Melania Trump's Friend Reportedly Told Her That Be Best 'Sounded Illiterate'

Illustration for article titled Melania Trump's Friend Reportedly Told Her That Be Best 'Sounded Illiterate'
Image: Getty Images

It turns out that hours of recorded conversations between Michael Cohen and Stephanie Winston Wolkoff—a former strategist, adviser, and “enforcer” to Melania Trump—were among the items seized last year during the FBI’s raid of Cohen’s home, hotel, and office. In fact, the Southern District of New York’s current criminal investigation into the inauguration stemmed, at least in part, from these recordings, according to a report from Vanity Fair.


But for our purposes here, let us examine the other gossip included in the lengthy piece, which includes but is not limited to Wolkoff reportedly telling Trump rude things when the moment called for it. Like how she apparently thought that the title for the first lady’s anti-bullying initiative sucked:

According to sources familiar with the conversations, Wolkoff told Melania and East Wing staffers that the name for her anti-bullying initiative, “Be Best,” sounded illiterate. (The First Lady, according to these sources, feared that an alternative, “Children First,” was too similar to her husband’s “America First” branding.)

They were also reportedly at odds about the first lady’s fucked up jacket:

They also disagreed about the infamous “I Really Don’t Care, Do U?” jacket that the First Lady wore to the U.S.-Mexico border. (Melania, according to these sources, thought the trip would not get attention without such a brazen fashion gesture. In an interview with ABC News in October, she said that she wore the jacket for the media and people who were criticizing her, and wondered aloud whether the trip would have received similar attention without it.)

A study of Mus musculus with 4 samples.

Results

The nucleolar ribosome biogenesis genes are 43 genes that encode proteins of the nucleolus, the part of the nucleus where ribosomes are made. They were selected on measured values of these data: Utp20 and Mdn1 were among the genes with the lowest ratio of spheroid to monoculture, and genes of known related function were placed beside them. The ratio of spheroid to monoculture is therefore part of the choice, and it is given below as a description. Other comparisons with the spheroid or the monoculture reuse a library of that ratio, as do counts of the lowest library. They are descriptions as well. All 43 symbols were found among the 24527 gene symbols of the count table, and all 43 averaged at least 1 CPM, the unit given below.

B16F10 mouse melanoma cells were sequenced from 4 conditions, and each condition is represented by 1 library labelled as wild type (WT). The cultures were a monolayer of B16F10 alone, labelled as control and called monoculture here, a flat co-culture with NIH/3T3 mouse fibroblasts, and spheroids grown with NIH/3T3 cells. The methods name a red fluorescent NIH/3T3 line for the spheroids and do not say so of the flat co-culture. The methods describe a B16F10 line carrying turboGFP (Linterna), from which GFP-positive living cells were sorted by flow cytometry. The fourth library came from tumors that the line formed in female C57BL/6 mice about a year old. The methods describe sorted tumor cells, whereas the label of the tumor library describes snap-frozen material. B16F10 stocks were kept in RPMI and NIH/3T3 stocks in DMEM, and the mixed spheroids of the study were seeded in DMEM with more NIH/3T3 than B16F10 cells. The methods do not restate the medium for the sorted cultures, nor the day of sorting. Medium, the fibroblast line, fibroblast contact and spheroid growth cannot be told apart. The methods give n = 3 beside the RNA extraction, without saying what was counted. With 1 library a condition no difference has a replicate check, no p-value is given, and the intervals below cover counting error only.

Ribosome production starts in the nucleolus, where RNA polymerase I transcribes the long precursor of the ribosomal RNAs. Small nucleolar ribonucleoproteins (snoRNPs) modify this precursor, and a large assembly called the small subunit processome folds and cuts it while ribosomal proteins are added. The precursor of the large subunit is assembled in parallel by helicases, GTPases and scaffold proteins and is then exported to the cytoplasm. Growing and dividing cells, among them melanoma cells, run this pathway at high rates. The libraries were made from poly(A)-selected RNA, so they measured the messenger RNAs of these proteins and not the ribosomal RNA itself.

Things soon went sour for the friends, it seems. Last February, after the New York Times reported that the Trump Inaugural Committee paid $26 million to Wolkoff’s firm and that the ensuing inauguration was a mess of grift and mismanagement, Wolkoff “refuted the characterization.” (After reviewing bank statements, Vanity Fair reports that most of that money had gone to third-party vendors.) But according to Vanity Fair, Wolkoff “urged Melania to defend her” after the Times story went up. And well, apparently that didn’t happen (emphasis mine):

A member of the White House Counsel’s Office called her on February 20, 2018, to let her know that the White House would be terminating all gratuitous-services agreements, including hers. It had nothing to do with her work on the inauguration, this person told her. “I am sorry that the professional part of our relationship has come to an end, but I am comforted in the fact that our [friendship] far outweigh[s] politics,” Melania wrote her in an e-mail later that day. “Thank you Again! Much love.”

Later that evening, in a phone call, Wolkoff told the First Lady that she worried it appeared as if she had been fired on account of her work on the inauguration. The First Lady urged her not to be “dramatic.” Less than a week later, however, the Times published a story stating that the severance of Wolkoff’s contract had been “prompted by displeasure from the Trumps” over the $26 million payment.



Read the Vanity Fair piece in its entirety here.


Staff writer, mint chocolate hater.



Why does it not surprise me to read that Melania is a terrible friend?  Hmm.